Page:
By investing some time to learn about grades of tea, your cup of tea becomes more engaging and personal.
Its wiry and short leaves are the characteristic features that differentiate it from the OP. It is also a bit more twisted compared to the OP. It has a bitter flavor along with a sweet finish and has a rich color when brewed.
It produces high quality tea, and in some countries like China, it is the first grade. It is an OP grade that includes some buds or tips.
The leaves have a golden tip, and sometimes this grade is referred to as Tippy Golden Flowery Orange Pekoe (TGFOP).
It refers to broken leaves which belong in the Orange Pekoe category. The broken aspect results from the leaves being reduced in size by a machine. It creates a large surface area allowing the tea to infuse quicker than the whole leaf variety. It is the most popular of all tea leaves. Numbers 1 and 2 are sometimes placed to distinguish better grades from traditional tea grades.
The grade of tea consists of broken orange pekoe and includes some tips or leaf buds.
They are smaller than the BOP with the broken leaf size being of a pinhead.
It is the lowest grade of tea. CTC manufacturing method or the orthodox method results in the production of this tea grade. It is often the smallest size left after sifting and is used for tea bags. The grade consists of the finest buds that turn velvety when dried. The leaves are long and tippy and have a silver color. It does not include any black leaf. It has a very delicate flavor. However, it is ideal for medicinal use.
You may now be wondering why all that information should be necessary. It is very vital as knowing the acronyms and their meanings provide a lot of information on the tea. The information is particularly essential when it comes to choosing tea profile. Each grade has its distinct qualities.
You have now known that small tea leaves provide stronger liquor than whole leaf trees. Therefore, if you are looking to have a strong black tea, you should shop for broken tea (look for a B in the grade). Conversely, if you want soft sweet flavor, one with the highest quantity of buds should give you that experience. Tea with a lot of buds in the tea has an F (flowery) and G (golden) on the grade.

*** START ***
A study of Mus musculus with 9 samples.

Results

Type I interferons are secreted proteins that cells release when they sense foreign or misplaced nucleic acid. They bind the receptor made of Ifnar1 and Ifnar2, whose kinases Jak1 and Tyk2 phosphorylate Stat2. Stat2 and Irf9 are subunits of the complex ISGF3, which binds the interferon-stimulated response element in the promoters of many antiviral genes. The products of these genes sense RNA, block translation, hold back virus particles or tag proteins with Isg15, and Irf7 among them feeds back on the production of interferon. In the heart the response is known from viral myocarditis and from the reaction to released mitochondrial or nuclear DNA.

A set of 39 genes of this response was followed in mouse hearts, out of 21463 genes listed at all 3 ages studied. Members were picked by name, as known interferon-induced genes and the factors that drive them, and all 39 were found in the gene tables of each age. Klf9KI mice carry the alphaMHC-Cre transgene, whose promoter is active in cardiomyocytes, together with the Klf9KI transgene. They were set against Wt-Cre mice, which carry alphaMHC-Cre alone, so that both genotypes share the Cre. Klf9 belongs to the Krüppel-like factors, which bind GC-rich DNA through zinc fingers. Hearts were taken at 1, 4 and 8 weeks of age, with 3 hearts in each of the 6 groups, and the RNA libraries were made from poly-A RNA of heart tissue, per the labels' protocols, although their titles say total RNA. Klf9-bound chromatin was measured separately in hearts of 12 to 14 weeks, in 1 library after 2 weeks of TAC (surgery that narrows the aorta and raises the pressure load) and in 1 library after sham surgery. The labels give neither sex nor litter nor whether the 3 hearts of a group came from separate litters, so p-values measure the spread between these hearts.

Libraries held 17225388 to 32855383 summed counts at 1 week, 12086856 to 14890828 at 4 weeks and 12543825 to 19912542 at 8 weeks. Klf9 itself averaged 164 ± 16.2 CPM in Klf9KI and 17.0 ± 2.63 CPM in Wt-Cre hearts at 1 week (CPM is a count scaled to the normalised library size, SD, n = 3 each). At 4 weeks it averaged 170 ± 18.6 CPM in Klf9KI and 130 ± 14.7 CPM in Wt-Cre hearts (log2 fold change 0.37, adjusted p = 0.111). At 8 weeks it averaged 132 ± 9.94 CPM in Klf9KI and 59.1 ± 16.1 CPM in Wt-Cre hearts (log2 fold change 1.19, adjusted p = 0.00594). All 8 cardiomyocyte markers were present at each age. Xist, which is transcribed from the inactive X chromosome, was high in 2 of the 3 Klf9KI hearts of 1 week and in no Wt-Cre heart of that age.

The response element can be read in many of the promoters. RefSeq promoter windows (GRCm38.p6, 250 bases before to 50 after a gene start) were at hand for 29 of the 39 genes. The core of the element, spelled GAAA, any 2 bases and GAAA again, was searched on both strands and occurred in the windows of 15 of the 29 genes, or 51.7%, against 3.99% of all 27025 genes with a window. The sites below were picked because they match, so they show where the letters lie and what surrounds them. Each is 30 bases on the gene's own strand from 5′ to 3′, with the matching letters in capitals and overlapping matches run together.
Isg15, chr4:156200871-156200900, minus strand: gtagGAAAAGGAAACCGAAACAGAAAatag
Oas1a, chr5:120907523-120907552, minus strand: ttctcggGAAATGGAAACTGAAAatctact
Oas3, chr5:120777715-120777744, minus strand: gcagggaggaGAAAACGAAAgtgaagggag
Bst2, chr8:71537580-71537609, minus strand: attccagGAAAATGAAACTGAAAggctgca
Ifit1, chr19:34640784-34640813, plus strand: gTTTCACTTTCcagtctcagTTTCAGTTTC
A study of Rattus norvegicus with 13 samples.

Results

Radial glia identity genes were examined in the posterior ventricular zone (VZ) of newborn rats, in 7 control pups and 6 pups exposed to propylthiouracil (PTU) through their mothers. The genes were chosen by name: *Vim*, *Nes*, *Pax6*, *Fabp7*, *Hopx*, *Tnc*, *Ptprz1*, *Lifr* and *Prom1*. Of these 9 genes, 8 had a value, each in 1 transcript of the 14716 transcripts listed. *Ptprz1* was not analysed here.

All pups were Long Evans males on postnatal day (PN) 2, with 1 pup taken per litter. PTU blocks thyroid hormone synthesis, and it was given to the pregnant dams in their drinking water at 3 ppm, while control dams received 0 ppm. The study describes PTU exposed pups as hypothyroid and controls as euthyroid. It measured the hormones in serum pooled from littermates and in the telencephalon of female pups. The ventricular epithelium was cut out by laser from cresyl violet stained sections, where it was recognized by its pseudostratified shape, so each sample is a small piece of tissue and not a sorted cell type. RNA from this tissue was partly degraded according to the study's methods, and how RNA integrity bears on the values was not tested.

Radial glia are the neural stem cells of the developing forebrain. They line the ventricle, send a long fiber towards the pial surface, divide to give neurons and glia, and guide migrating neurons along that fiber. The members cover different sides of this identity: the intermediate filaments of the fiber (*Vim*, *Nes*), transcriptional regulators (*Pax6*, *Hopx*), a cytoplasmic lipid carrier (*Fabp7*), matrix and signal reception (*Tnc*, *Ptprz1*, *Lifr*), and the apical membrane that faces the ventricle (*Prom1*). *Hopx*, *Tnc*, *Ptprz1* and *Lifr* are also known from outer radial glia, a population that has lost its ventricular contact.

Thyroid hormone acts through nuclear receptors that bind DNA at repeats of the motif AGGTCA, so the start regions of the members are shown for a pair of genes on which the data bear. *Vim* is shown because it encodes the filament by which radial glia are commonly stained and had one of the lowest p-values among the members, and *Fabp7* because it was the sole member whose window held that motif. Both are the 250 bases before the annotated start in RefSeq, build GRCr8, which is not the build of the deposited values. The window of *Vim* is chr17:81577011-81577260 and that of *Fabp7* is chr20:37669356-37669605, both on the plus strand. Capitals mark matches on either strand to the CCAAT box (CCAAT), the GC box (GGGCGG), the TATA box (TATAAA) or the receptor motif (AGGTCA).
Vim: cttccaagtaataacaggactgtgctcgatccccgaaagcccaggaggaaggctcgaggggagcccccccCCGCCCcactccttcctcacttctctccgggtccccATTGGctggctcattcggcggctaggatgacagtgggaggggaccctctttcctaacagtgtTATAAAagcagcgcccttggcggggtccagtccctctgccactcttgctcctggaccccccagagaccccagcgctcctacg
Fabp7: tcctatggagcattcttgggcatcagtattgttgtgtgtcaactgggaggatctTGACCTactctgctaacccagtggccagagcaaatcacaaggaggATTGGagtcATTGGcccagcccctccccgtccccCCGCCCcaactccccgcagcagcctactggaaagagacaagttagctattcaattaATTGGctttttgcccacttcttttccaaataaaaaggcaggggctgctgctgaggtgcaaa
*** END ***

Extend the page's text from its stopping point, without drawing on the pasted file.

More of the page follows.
Also, leaf grades can help us understand how to evaluate a leaf’s appearance and know what to expect from it. The information is not only important when making tea but also in starting up a business. A catalog is necessary when it comes to the purchase of tea.
You require a deep level of knowledge so that as you go through the list sent by the seller, you know what to expect. The grade discussion, acronyms and designations will assist in having an idea of the expected tea’s appearance and style.
Tea is among the popular drinks people from all parts of the world enjoy each day. Statistics show that the Americans drink around 80 billion cups of tea each year while the Canadians consume around 10 billion cups each year. The love for tea did not start a few decades ago. People have been consuming it since the Chinese discovered it nearly 5,000 years ago. A Chinese Emperor Shen-Nun, known to be a divine healer, discovered the tea when he blew it accidentally into boiling water. That was in 2737 BC. However, tea took another 100 years to reach the other parts of the world. Dutch traders were the first to introduce it to the western countries in the early 1600s, where it became one of the staples of trade.